Interview: Daisy Fancourt

 

Our New Generation Thinkers for 2017 were announced at Sage as part of BBC Radio 3's Free Thinking Festival. This week we talk to Daisy Fancourt from Royal College of Music and Imperial College London.

The New Generation Thinkers for 2017 made their radio debut on Radio 3 Tuesday 4 April

Doctor Daisy Fancourt

Her story so far

Daisy examines the effects of the arts on neuroendocrine and immune response and the use of the music within clinical settings, and the impact of arts and cultural engagement on public health. She also works with the NHS designing arts and clinical innovations programmes. Her award-winning research is now involved in exploring how drumming can reduce anxiety, maternal singing can reduce postnatal depression, being in a choir can improve immune function in cancer patients and attending a concert can reduce stress hormones.

In a world that seems increasingly preoccupied by the things that divide us, it’s perhaps reassuring to realize that as a species we all share a universal passion: music.

But it's much more than just something that we all 'enjoy'. It can have profound effects on our minds and bodies and it can even act like medicine for a range of health conditions, as one New Generation Thinker has discovered.

“I study the effects of music and wider arts and culture in two different ways. Firstly, I analyse how taking part in music, arts and cultural activities (such as listening to music, joining a local choir, going to galleries, reading, volunteering within communities, starting a gardening club etc) can affect health across the lifespan. Secondly, I work alongside clinicians, funders and policy markers to identify specific challenges associated with certain health conditions, develop targeted arts programmes that address these challenges, analyse their impact and support their roll-out across the NHS.” says Dr Daisy Fancourt, Royal College of Music.

Most of us engage with music in our day-to-day lives, for the pure pleasure of it. But scientists have now shown that listening to music has specific psychological benefits, biological benefits and physiological benefits.

“Of course we want people to continue listening to music for the pure enjoyment of it,” says Dr Fancourt. “But given we now have such a rich understanding about the wider health benefits of listening to music such as in reducing psychological and biological markers of depression, we also want to educate the public about these benefits so that, if people are feeling low for example, they can specifically use music as one of the ways of supporting their health and wellbeing.”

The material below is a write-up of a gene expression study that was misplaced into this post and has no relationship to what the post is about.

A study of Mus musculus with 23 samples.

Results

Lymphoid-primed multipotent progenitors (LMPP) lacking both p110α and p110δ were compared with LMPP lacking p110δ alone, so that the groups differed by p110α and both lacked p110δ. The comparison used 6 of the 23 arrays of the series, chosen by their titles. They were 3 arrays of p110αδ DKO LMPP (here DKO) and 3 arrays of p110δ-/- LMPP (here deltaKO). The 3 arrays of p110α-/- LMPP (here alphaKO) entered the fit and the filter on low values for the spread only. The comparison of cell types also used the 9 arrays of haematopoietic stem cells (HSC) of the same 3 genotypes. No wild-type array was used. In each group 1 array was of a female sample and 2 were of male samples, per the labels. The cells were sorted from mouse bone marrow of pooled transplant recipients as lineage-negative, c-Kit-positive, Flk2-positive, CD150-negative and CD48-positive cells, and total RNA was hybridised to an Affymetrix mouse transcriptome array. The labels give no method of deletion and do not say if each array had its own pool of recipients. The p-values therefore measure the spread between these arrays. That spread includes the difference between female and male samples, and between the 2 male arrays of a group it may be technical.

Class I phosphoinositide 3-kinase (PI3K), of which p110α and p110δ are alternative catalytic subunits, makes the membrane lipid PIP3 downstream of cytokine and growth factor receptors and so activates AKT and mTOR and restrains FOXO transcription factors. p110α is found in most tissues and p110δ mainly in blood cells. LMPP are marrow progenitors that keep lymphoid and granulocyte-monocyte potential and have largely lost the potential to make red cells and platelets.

But it's not just a way of improving our mood. There are a whole host of other health conditions that benefit from music, and Dr Fancourt hopes her collaboration with Radio 3 will raise awareness of this.

“A lot of people instinctively feel that music and the wider arts make them feel better: more connected, happier, more relaxed and more engaged. But I’m excited to have the opportunity to explain more about the scientific data coming out of research studies and show how music and wider arts programmes are being developed in partnership with the health sector.”

But music isn't just 'a pill' that doctors can prescribe like antibiotics and there is no one type of ‘most effective’ music.

“Although we do see many broad patterns of response to music in psychological, neurological, biological and physiological data, we also see individual variations. For example, neuroscience research has shown how the personal meaning of music and the memories it conjures are vital components of our emotional response to it. So an important component is that people engage with music and wider arts programmes that they enjoy,” says Dr Fancourt.

Despite this, Dr Fancourt argues that it's possible to work with this complexity to establish targeted music interventions for people with different health conditions.

“Many of the major health challenges facing us today are complex, chronic conditions. These often require a combination of medical interventions (such as taking medication) but also wider psychological, social and behavioural support. Sometimes music can provide that support, whether it takes the form of a remeniscence session in a care home for people with dementia, a lullaby project for women with postnatal depression to help them bond with their babies, a supportive choir for those affected by cancer or drumming sessions for mental health service users. There are hundreds of such projects running around the country.

“I hope to be able to share this insight with the Radio 3 audience and help them understand more about how they could use music as well as wider arts and culture to support their own health and encourage them to get involved with projects in their local area.”